All TECH Clean California projects are for EXISTING STRUCTURES. TECH incentives are for residential sites only. Commercial buildings and new construction are ineligible for TECH incentives. Contractors looking to obtain incentives for new construction projects should look to California Energy Smart Homes and BUILD.

Projects can be single-family or multifamily residential sites. Note that single-family and multifamily incentives are different in terms of amounts, eligibility, and processes.

  • Single-family is defined as up to four dwelling units. 
  • Multifamily is defined as a property with five or more dwelling units, or a property with two to four units which will have installed HP HVAC or HPWH equipment serving more than one dwelling unit, where that equipment would otherwise be ineligible for single family TECH incentives.

There may be additional nuances and some projects will need to be evaluated on a case-by-case basis in order to determine whether they fit into the single-family or multifamily category. Contractors may contact their TECH account manager with questions about single-family vs multifamily classifications.

Examples here show TECH eligibility for various scenarios.

  • Single-metered privately owned condo in a 12-unit condominium building with shared walls, each with their own heating source
    • If the upgrades are being paid for by the individual condo unit owner and the unit has its own heating system, then this would be considered single-family.
    • If the condo unit does not have its own heating system (that is, the heat system serves multiple condo units, or the HOA or property management is paying for the upgrades across multiple condo units, then this would be considered multifamily.
  • Detached ADU next to home; the home is occupied by the owners of the full property; the ADU is inhabited by a tenant who has a separate heating source from but is on the same meter.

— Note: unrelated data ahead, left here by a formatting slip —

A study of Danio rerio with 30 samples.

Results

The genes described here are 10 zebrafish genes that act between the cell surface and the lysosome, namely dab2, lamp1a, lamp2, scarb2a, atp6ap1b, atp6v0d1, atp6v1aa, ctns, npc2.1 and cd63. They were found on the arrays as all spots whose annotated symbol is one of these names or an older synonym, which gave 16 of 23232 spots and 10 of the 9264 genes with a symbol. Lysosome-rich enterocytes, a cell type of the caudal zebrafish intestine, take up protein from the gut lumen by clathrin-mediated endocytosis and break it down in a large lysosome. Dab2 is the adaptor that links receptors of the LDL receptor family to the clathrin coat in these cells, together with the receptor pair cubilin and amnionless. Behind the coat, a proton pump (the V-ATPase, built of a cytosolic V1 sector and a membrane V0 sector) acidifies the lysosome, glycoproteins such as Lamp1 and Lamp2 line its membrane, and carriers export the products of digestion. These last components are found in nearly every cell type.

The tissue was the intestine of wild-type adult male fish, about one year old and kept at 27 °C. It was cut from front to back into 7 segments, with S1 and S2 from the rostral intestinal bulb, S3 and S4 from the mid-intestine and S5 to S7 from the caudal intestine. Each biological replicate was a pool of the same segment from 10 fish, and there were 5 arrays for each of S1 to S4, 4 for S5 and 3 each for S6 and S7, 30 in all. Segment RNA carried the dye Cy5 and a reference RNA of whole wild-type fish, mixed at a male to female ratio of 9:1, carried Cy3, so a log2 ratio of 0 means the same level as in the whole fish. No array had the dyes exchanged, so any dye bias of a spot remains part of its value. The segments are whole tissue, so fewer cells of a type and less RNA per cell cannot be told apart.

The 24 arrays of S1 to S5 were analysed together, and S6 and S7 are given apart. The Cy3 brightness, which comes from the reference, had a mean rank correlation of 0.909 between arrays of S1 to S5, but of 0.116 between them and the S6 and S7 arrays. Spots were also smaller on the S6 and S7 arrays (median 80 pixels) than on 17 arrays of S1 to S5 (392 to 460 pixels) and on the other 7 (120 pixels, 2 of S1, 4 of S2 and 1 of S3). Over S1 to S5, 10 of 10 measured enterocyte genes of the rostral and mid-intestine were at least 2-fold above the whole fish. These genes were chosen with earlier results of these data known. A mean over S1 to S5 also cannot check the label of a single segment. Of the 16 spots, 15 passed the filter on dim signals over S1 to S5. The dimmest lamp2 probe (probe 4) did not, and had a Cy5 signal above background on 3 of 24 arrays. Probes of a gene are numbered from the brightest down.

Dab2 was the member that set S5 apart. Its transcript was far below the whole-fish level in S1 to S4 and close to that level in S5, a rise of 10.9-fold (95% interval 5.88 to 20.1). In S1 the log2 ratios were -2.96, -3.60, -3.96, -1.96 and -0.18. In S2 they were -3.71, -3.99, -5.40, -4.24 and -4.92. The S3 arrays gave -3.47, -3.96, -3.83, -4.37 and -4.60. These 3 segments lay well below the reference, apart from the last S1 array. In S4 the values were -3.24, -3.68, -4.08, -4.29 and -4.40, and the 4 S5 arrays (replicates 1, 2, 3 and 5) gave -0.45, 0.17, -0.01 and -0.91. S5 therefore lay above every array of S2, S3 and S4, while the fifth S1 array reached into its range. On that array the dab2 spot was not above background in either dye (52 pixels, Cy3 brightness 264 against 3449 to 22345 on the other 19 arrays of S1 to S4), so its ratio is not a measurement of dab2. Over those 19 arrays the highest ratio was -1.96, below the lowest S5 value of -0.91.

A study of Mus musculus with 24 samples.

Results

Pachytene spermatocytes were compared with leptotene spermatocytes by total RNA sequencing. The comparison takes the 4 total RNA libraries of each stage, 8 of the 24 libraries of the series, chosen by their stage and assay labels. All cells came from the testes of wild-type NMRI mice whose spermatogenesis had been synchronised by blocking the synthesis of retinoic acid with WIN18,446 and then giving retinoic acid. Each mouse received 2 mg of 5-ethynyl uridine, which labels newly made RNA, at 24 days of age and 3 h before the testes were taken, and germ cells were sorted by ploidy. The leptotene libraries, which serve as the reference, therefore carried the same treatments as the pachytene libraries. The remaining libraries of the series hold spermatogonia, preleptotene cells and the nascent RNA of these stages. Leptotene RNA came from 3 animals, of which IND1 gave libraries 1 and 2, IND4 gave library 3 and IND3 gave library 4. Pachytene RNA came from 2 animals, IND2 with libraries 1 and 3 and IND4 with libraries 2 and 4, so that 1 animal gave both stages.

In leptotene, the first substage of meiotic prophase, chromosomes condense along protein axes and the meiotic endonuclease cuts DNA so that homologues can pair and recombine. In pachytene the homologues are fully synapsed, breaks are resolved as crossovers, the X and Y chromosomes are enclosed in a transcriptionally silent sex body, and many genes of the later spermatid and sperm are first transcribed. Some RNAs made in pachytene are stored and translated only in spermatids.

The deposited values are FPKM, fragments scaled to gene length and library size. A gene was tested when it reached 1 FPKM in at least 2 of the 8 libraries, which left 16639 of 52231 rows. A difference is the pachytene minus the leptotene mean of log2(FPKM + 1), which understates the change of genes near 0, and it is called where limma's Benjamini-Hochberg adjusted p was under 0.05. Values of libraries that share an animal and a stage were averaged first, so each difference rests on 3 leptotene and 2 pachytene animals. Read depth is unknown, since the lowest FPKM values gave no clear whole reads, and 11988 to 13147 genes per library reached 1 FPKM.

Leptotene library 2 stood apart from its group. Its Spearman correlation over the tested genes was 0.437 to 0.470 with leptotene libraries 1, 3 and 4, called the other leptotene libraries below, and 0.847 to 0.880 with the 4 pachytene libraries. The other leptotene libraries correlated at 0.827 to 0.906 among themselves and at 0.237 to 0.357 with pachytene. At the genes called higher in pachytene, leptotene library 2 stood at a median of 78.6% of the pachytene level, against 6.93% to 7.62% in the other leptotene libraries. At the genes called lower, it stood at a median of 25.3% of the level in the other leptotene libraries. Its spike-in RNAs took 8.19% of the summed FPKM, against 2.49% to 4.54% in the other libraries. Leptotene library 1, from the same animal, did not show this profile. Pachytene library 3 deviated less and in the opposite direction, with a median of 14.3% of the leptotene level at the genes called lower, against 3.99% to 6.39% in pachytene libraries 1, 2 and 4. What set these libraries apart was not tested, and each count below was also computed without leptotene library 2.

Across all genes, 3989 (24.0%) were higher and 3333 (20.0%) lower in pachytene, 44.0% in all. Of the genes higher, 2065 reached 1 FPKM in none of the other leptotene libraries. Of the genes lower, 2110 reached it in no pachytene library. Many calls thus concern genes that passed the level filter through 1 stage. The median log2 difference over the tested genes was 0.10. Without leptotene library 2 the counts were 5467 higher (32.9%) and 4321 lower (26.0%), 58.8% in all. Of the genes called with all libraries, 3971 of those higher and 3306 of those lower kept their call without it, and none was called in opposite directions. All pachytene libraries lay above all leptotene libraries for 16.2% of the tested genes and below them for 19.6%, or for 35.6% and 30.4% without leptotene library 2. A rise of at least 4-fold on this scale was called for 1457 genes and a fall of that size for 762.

• Because they are different dwelling units and the property is less than 4 units, each is considered a single-family residence. Therefore, as long as each residence has a qualifying heating source to replace, they can each collect incentives.
  • A duplex is occupied by different families but one central furnace heats all units.
    • If the furnace is being replaced by 2 individual HPs paid for by the different occupants, then this would be treated as single-family.
  • A complex of single-family homes, covered by a HOA
    • If the HOA is paying for all upgrades, then this would be multifamily.
    • If each individual homeowner is paying, then this would be single-family.

Mobile and Manufactured Homes

Permanent and semi-permanent mobile homes may qualify if on a foundation. The axle must have been removed, as well as the license plate. Photos of the foundation and under the house will be required to show the structure is no longer mobile.  Manufactured homes qualify if the structure is on a foundation and not mobile. 

Mobile homes are exempt from HERS II testing (photo documentation of nameplate/unit data label is required, instead). 

Accessory Dwelling Units (ADU's)

ADU's qualify for TECH Clean California incentives, as long as they were previously heated. That means that newly constructed ADU's are ineligible for funding. 

Income-Qualified Customers

Incentives for income-qualified customers will be available in coordination with specific income-qualified programs such as Energy Savings Assistance program (ESA) or Low-Income Weatherization Program (LIWP). 

In these cases, eligibility will be determined based on the specific income-qualified program criteria. Incentives available through the general market-rate incentive pathway will include an optional question for contractors to note if a customer is on a CARE or FERA rate, but an affirmative answer to that question will not currently result in an incentive adjustment.